The artist was interested in exploring what lies beyond heterosexual norms.
In the title, Pustoła plays with the double meaning of the word ‘darkroom’. He intertwines associations with photographic darkrooms and areas for uninhibited sex in gay clubs; and photographs the latter. The darkroom process of developing new images from previously exposed plates is combined with phenomena that are absent from the dominant discourse. The photographer has captured spaces without people which show vestiges of their presence – dented pillows, moist stains on the walls, and used condoms.
The artist was drawn by different perspectives, or, more broadly – perception. Like in his other projects, he delved into the boundaries of the visible and invisible. In one interview, he stated:
These works contain a specific light and shade, colours and density […] that are completely abstract. Nevertheless, we continue to believe what we see.
In the same interview, Pustoła mentioned that the works evoked many contradictory reactions in viewers: disgust, aggression, sadness, joy, interest, or excitement. As it turned out, looking at the pictures led people to confront their own beliefs regarding social norms and morals.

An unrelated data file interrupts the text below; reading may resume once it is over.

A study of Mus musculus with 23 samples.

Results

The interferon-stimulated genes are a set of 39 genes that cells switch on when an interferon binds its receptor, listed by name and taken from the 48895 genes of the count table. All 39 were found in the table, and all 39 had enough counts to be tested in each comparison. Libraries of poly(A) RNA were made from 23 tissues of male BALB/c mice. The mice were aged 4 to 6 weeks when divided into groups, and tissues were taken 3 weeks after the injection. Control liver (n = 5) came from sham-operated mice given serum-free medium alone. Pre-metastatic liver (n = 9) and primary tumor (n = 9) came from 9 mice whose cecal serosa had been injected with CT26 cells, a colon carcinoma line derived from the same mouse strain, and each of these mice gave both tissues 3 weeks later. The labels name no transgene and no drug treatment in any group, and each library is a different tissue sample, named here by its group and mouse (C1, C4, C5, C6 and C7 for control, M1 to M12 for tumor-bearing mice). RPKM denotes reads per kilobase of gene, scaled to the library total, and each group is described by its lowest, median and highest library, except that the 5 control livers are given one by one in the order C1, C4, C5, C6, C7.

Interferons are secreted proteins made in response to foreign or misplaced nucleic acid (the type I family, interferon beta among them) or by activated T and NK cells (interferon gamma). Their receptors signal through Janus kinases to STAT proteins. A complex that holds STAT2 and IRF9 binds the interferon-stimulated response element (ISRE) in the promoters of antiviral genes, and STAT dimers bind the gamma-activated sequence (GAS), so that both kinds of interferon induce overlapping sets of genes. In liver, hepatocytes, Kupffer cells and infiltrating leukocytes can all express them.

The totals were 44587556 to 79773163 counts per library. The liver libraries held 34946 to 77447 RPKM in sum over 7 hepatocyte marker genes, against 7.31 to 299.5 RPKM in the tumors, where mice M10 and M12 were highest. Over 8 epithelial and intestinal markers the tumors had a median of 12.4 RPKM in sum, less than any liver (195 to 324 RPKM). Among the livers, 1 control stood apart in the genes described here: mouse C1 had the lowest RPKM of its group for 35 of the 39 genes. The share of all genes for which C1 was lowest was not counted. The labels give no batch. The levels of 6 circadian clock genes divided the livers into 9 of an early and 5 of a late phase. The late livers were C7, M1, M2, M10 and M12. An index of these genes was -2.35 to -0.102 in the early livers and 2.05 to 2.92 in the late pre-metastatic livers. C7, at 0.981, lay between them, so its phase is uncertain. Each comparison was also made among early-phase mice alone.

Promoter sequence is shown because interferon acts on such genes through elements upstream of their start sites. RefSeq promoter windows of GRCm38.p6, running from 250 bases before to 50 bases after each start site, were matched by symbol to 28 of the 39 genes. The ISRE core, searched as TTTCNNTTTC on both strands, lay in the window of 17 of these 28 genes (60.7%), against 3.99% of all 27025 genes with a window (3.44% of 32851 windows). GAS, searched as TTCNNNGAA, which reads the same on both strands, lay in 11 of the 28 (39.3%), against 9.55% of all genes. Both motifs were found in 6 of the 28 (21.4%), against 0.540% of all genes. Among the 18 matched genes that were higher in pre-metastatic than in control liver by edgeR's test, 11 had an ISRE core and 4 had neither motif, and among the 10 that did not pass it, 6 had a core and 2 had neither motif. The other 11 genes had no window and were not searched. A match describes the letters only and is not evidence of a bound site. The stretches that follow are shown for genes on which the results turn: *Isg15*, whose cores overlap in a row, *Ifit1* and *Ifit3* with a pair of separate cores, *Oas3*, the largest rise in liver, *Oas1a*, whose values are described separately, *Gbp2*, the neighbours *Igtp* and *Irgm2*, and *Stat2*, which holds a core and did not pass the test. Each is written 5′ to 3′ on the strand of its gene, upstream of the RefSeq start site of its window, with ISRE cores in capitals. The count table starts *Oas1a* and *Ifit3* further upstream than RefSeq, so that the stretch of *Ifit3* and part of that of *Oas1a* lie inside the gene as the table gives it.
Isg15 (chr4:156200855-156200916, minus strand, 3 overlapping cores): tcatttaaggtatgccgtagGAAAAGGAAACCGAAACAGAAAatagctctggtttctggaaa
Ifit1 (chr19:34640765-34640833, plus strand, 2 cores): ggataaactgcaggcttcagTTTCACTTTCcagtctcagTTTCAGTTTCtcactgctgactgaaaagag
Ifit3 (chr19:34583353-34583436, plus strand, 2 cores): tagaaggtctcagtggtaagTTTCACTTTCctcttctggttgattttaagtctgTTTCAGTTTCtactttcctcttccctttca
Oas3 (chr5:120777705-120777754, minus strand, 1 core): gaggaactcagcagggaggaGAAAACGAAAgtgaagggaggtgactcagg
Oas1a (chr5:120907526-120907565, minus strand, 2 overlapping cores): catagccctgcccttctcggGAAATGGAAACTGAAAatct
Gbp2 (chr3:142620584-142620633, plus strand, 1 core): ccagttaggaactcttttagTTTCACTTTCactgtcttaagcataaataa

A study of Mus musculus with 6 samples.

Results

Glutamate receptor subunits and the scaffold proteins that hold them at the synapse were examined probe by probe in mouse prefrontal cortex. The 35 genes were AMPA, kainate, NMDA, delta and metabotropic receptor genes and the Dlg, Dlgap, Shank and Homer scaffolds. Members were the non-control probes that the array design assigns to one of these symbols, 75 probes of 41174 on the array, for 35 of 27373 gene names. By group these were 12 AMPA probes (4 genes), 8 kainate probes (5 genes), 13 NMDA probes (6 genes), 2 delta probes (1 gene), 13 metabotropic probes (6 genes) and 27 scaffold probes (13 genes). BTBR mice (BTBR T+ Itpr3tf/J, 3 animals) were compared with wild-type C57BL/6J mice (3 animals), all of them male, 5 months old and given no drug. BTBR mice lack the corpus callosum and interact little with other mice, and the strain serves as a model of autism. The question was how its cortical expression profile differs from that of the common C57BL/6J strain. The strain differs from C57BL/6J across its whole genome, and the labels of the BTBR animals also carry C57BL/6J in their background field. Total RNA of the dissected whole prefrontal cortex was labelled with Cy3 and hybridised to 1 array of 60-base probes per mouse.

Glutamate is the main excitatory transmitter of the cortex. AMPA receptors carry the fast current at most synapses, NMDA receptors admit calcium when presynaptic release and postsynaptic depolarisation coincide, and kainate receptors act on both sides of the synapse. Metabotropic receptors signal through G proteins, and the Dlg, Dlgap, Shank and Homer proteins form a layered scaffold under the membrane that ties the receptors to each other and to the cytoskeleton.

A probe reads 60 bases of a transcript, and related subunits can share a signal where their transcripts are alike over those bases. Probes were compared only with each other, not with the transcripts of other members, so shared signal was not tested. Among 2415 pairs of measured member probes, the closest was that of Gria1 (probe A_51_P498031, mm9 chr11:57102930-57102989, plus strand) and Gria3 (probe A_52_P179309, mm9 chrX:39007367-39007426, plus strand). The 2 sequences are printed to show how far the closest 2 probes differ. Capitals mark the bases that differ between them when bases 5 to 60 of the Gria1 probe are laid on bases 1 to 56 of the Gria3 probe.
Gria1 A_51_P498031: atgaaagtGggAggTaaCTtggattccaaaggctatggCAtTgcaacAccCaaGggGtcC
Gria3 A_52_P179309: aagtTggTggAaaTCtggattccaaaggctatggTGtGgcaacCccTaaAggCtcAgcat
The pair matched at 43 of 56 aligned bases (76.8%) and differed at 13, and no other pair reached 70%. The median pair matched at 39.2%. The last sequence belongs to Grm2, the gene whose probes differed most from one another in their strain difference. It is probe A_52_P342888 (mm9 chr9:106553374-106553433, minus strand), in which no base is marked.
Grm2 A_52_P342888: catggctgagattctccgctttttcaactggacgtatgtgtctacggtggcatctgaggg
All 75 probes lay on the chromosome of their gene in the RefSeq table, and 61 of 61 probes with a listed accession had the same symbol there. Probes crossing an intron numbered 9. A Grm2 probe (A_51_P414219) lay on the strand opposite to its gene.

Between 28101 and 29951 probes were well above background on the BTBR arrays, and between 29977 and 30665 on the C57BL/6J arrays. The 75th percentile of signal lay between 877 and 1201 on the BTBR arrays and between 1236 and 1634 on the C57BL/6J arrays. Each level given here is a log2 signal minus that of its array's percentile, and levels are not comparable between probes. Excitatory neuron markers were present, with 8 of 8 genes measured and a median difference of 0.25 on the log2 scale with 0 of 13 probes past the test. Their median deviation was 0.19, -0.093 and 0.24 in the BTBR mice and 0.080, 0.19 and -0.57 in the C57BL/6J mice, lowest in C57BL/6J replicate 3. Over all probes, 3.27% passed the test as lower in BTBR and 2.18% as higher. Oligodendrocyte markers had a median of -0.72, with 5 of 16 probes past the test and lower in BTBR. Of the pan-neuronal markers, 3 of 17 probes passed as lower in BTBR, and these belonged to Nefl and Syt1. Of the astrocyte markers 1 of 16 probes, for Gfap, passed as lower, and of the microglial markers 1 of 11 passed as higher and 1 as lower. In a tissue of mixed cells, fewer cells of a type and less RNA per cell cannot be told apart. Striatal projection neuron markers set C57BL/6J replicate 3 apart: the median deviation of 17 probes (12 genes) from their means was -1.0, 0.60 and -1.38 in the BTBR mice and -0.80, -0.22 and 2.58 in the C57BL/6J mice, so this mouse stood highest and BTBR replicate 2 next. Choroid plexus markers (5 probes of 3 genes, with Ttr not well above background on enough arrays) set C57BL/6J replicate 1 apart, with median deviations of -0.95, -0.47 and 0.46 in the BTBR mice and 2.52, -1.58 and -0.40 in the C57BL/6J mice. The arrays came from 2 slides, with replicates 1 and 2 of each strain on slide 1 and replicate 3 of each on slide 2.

In his book The Decisive Moment, Adam Mazur recalls the critics’ comments following the exhibition at the Ujazdowski Castle Centre for Contemporary Art in Warsaw:
While some attacked it for alleged homophobia, others considered it a sort of coming-out.
With no prudery or sense of mission, Pustoła has revealed something deeply concealed, and, therefore, largely unspoken and susceptible to stereotyping and exclusion. Darkrooms is a tale of sexuality and attitudes, suspended between the private and political spheres.
Originally written in Polish, translated by AG, edited by MB, Dec 2018
This text is part of the project Metaphors of Independence: Poland In 100 Photos.
To coincide with the centenary of Poland regaining its independence, we have created a selection of photographs that allow us to understand both yesterday and today. A hundred photographs but so much more. Find out more.